I just recently joined twitter mainly to see what it was like. Since most of my students are 18-22 in age, I try to keep up with the technology they use; I'd read a couple of short articles on ways to have fun with twitter in the classroom. One of my sisters tweets. I was curious. So I signed up and looked for a couple of writer friends I know who twitter. Through them I found some great resources. (And no, my motives are not all artistic and pure; I am a little bit addicted to Ana Marie Cox's "bedhead" photo posts.)
One of the most useful tips came from writer Toni Andrews, who I did not know before I started tweeting. (Well, really I don't know her now either; but I like her tweets.) One day she posted a link to online writing lab Write or Die, which you can find at Dr. Wicked.com. For all the gentle and humorous inspiration in books such as Natalie Goldberg's Writing Down the Bones, Dr. Wicked's slogan "Putting the ‘Prod' in Productivity" works best for me.
Write or Die lets you select your Word and Time Goal. You can choose your "Prod" mode: Gentle, Normal, Kamikaze, or Electric Shock Mode (the last one isn't real; thank goodness because I actually tried it!). And you can choose a Grace Period: Forgiving, Strict or Evil.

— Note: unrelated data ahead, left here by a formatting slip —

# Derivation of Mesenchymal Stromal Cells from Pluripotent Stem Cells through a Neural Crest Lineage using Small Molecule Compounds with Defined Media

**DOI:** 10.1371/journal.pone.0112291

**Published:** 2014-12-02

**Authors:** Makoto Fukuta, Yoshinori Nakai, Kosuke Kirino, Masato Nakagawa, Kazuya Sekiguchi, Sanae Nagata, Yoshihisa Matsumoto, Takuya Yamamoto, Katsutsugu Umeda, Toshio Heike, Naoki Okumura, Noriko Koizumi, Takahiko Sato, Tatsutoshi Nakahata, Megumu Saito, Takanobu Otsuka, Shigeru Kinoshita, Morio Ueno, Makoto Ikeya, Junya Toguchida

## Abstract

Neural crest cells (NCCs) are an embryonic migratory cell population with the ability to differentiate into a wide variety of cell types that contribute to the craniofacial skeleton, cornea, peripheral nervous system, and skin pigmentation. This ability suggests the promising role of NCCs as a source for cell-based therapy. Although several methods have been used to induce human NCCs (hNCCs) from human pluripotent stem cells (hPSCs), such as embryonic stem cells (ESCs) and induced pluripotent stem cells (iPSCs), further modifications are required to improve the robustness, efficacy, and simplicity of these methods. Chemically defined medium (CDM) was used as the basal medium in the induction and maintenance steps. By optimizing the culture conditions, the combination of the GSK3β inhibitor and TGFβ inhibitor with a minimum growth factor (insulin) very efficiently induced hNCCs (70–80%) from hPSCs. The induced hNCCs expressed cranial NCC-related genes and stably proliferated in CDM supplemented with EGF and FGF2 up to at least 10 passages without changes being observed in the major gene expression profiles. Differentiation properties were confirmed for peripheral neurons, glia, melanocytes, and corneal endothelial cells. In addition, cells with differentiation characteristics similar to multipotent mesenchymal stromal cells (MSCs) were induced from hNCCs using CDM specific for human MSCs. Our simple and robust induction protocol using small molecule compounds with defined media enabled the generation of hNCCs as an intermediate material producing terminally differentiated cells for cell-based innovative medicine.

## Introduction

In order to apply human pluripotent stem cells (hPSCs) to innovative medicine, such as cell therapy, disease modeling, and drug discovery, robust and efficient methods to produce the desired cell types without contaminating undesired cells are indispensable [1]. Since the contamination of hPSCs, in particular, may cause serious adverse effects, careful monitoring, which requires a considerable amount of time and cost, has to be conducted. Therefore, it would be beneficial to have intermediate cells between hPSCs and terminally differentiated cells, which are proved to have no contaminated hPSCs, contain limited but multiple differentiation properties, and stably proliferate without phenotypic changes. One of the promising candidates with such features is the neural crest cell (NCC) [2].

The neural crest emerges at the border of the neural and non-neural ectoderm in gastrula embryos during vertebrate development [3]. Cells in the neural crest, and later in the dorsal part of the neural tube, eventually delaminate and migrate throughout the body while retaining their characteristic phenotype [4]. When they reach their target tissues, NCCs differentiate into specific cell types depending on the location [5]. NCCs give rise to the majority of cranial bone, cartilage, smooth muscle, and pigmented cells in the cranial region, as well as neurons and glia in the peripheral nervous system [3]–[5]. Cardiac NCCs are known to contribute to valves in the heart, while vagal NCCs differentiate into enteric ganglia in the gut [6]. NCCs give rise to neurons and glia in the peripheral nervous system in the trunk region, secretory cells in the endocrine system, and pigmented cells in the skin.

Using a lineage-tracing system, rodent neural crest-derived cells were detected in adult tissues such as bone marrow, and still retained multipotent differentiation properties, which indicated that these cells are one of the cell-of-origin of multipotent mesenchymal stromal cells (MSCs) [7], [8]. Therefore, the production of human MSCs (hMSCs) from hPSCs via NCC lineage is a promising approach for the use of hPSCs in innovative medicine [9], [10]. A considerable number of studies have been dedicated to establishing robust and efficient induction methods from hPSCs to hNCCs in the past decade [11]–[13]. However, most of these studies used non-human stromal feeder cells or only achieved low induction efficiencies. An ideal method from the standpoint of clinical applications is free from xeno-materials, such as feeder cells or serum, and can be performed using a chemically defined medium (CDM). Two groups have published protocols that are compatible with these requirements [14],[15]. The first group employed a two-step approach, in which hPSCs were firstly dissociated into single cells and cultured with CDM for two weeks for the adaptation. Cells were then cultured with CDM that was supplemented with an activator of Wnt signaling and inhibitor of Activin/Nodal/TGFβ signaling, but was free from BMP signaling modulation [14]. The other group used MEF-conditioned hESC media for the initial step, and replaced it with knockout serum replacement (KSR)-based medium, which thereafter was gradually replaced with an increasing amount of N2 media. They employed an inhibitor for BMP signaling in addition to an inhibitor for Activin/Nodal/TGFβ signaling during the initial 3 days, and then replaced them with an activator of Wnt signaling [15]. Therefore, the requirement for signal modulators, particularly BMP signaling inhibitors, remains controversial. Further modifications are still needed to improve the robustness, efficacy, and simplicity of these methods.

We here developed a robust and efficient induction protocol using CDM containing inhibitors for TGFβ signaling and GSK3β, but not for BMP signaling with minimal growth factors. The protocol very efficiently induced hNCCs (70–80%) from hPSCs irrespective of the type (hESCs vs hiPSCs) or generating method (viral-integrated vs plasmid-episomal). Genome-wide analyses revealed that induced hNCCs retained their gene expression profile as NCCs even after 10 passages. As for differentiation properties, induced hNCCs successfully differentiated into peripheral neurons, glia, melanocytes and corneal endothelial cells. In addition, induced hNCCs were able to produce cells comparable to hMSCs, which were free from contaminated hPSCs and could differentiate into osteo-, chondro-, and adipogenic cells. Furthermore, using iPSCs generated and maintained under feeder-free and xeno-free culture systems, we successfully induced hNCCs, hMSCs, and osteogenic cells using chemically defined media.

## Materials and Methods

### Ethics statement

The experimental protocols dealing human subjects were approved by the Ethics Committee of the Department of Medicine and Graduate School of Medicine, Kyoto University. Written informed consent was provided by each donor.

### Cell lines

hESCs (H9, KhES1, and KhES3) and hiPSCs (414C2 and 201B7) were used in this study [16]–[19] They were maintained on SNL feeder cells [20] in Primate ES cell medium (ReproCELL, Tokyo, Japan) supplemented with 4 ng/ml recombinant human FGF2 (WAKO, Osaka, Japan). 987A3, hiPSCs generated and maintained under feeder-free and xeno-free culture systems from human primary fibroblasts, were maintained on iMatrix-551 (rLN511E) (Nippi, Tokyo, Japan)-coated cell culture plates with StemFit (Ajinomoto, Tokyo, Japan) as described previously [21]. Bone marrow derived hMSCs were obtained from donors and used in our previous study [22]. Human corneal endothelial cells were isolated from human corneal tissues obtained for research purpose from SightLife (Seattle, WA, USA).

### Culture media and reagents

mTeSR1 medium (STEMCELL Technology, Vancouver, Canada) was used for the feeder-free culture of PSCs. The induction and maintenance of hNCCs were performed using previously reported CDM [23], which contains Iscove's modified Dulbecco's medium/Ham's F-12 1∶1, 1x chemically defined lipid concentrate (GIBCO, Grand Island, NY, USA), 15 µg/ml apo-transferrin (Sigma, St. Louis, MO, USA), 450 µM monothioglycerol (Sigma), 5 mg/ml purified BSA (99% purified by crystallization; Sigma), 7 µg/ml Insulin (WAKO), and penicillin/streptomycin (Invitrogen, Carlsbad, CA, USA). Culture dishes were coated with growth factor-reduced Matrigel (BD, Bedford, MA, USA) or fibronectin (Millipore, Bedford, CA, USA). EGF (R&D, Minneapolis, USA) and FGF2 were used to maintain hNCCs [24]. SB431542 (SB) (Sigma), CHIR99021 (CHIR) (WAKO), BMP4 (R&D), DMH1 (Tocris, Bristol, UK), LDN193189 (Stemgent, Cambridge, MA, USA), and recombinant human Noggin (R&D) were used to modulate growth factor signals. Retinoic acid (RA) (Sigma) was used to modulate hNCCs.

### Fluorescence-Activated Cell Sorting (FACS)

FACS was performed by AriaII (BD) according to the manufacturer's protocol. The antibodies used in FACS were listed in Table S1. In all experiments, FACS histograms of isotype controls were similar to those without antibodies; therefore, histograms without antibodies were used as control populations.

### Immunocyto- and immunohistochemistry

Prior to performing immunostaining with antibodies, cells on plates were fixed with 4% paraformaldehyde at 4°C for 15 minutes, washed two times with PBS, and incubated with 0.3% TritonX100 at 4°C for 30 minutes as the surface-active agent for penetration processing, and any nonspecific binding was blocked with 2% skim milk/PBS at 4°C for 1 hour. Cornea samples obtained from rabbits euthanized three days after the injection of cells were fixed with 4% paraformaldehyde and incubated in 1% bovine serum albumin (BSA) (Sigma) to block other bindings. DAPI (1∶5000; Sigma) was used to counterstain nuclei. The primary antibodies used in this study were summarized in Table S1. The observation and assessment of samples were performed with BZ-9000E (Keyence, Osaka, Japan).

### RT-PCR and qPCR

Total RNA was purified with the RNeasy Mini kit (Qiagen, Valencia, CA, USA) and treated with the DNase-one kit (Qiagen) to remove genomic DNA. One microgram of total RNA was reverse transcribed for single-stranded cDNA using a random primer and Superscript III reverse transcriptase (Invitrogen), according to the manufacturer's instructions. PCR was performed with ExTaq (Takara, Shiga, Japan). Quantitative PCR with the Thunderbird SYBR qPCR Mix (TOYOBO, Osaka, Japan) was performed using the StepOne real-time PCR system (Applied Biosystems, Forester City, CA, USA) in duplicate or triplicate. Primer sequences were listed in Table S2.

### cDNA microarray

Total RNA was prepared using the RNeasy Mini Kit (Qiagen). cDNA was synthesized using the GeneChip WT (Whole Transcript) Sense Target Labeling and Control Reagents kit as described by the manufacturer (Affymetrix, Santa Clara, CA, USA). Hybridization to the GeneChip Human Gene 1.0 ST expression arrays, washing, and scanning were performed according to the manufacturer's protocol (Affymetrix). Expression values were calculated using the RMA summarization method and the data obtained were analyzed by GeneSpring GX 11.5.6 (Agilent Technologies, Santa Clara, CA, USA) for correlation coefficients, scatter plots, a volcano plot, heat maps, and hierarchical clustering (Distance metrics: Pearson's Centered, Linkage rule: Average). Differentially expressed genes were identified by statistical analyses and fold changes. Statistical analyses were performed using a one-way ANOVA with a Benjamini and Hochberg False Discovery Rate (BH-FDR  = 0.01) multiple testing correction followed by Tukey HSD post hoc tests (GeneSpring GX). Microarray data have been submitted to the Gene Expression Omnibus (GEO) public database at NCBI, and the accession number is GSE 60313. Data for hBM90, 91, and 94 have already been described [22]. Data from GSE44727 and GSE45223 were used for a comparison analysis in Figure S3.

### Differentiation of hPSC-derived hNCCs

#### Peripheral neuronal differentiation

Once you begin writing, your time and word goals begin a countdown at the bottom of the page. If you stop writing without selecting pause, the page begins to change color, moving from a blushing pink to a blistering red. If it turns red, you will get prodded. When the Forgiving Grace Period runs out in Gentle Mode, you get an encouraging message: You stopped writing. Keep writing. In Normal Mode/Strict Grace Period an unpleasant noise prods: screeching violins and growling are the ones I'm familiar with. (Make sure you turn your computer's speakers up real loud so you get the full benefit of this prod.) Evil/Kamikaze is truly evil. The cursor moves backwards and begins erasing your writing!
Make sure you open a document to paste your writing into before you leave Write or Die. You need to copy your work onto it before you leave the site.
When you've reached your word count within the time limit, you will hear celebratory music, and you can give yourself a pat on the back. Thanks to Tom Davenport for this resource and to Toni Andrews for tweeting about it. Oh, and did you know that you can follow Red Room on twitter, too? Start tweeting!